Wash. Dry. Read. Repeat.
That’s the new cycle at the Clean X-Press Coin Laundry, where a crowd of children, parents, and community leaders gathered Monday to kick start Literacy at the Laundromat.
“I got Sleeping Beauty,” said Monica Calin, age seven.
“I got Star Wars, the Clone Wars,” said 9-year-old Duilio Cardona.
As soon as Mayor Gayle McLaughlin and other community members cut the gold ribbon wrapped tightly around the shiny red bookcase, a handful of kids swarmed the shelves grabbing titles they’d never seen before and pointing to familiar books.
“I picked this book because my favorite show is ‘Star Wars, the Clone Wars,’” said Cardona, a third grade student at Bayview Elementary School in Richmond.
Literacy at the Laundromat is a partnership between West County Reads, Richmond College Prep Schools, and the Richmond Community Foundation Education Action Team to promote reading for children.
The program’s aim is to put books in the hands of children; the “Take One, Leave One” bookshelves will be placed in Iron Triangle neighborhoods at locations where parents and children gather.
“I have this business for six years, many kids coming everyday almost 30 to 40 kids. They stay with mom for two, three, sometimes four hours with nothing to do,” said Esther Chan, who co-owns the Clean X-Press Coin Laundry on MacDonald Avenue, with her husband, Myung Kook Chan.
“It lets kids read something. There’s nothing kids can do here,” Chan said as she waved her hands toward the room full of washing machines. “There’s only two TV’s in here; it doesn’t help them.”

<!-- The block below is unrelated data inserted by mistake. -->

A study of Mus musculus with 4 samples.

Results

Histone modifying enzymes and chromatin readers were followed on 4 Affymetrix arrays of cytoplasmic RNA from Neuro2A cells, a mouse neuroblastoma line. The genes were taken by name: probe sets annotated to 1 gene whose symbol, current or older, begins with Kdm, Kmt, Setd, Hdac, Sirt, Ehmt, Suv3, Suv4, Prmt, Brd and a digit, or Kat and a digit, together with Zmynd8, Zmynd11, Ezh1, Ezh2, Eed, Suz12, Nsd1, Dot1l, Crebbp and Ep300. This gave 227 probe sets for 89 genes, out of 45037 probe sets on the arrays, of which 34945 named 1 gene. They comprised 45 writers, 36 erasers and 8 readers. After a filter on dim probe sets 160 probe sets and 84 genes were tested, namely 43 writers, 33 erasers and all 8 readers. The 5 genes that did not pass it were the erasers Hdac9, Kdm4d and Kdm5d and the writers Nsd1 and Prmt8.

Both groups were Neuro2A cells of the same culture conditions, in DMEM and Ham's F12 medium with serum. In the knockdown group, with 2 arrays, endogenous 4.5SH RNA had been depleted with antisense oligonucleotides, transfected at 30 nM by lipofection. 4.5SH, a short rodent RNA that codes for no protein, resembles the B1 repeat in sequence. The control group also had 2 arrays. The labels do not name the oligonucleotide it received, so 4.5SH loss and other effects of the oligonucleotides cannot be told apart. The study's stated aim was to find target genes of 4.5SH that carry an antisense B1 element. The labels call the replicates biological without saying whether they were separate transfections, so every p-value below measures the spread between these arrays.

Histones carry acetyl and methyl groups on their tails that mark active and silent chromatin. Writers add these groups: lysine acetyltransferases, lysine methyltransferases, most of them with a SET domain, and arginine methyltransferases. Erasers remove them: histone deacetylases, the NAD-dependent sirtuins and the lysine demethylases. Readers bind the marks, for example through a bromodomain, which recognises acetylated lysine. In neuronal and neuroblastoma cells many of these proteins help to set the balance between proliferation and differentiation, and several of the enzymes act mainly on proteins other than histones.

The “Take One, Leave One” bookshelf program will deliver about 250 new and used books to bright red bookcases in eight different locations, including the Richmond Health Center, Nevin Community Center, and the Richmond Performing Arts Center.
Some of the books were purchased through the Scholastic reading book company with funding provided by the Richmond Community Foundation.
Kevin Hufferd, chair of West County Reads, recognized the demand for books after looking at kids in the Iron Triangle neighborhoods.
According to Hufferd, in some neighborhoods fewer than 10 percent of third grade kids can read at their grade level.
“There’s a number of places, it’s very sad, that kids are not really getting the chance and the opportunity to get the resources they need to be able to read,” he said. “That’s what we’re trying to combat. We know there’s a need because we’re seeing that kids are not really able to achieve that which all kids should be able to do.”
Joann Davis, President and CEO of Richmond Community Foundation, said her community action team and the parent group with Richmond College Prep Schools would monitor the bookshelves.
“They replace books, they replenish the shelves when new books are dropped off, they bring with them labels, and place them on the books,” Davis said.
The labels say “Take It, Leave It,” reminding parents to bring the book back and take another one. “It’s all on the honor system,” Hufferd said. “We know that a lot of these books may not come back and that’s alright. It may mean that child really liked that book and wanted to hang on to it. That’s fine with us.”
Next to each bookshelf is a drop-off box where people can also donate books to help fill the shelves of future bookcases. Davis said the group is distributing book donation boxes reading “West County Reads Book Drive” at ten or twelve businesses around the city. There is currently a drop-off box at the Starbucks in Point Richmond and one in the Mayor’s office.
Nine-year-old Ajanai Hughes held the 2011 Almanac in her hands as she approached the bookcase. She planned to donate a new book in exchange for one she hasn’t read yet.
“I’m excited this bookshelf is here,” Hughes said. “It means I don’t have to sit in the chairs and watch everybody wash their clothes while I do nothing.”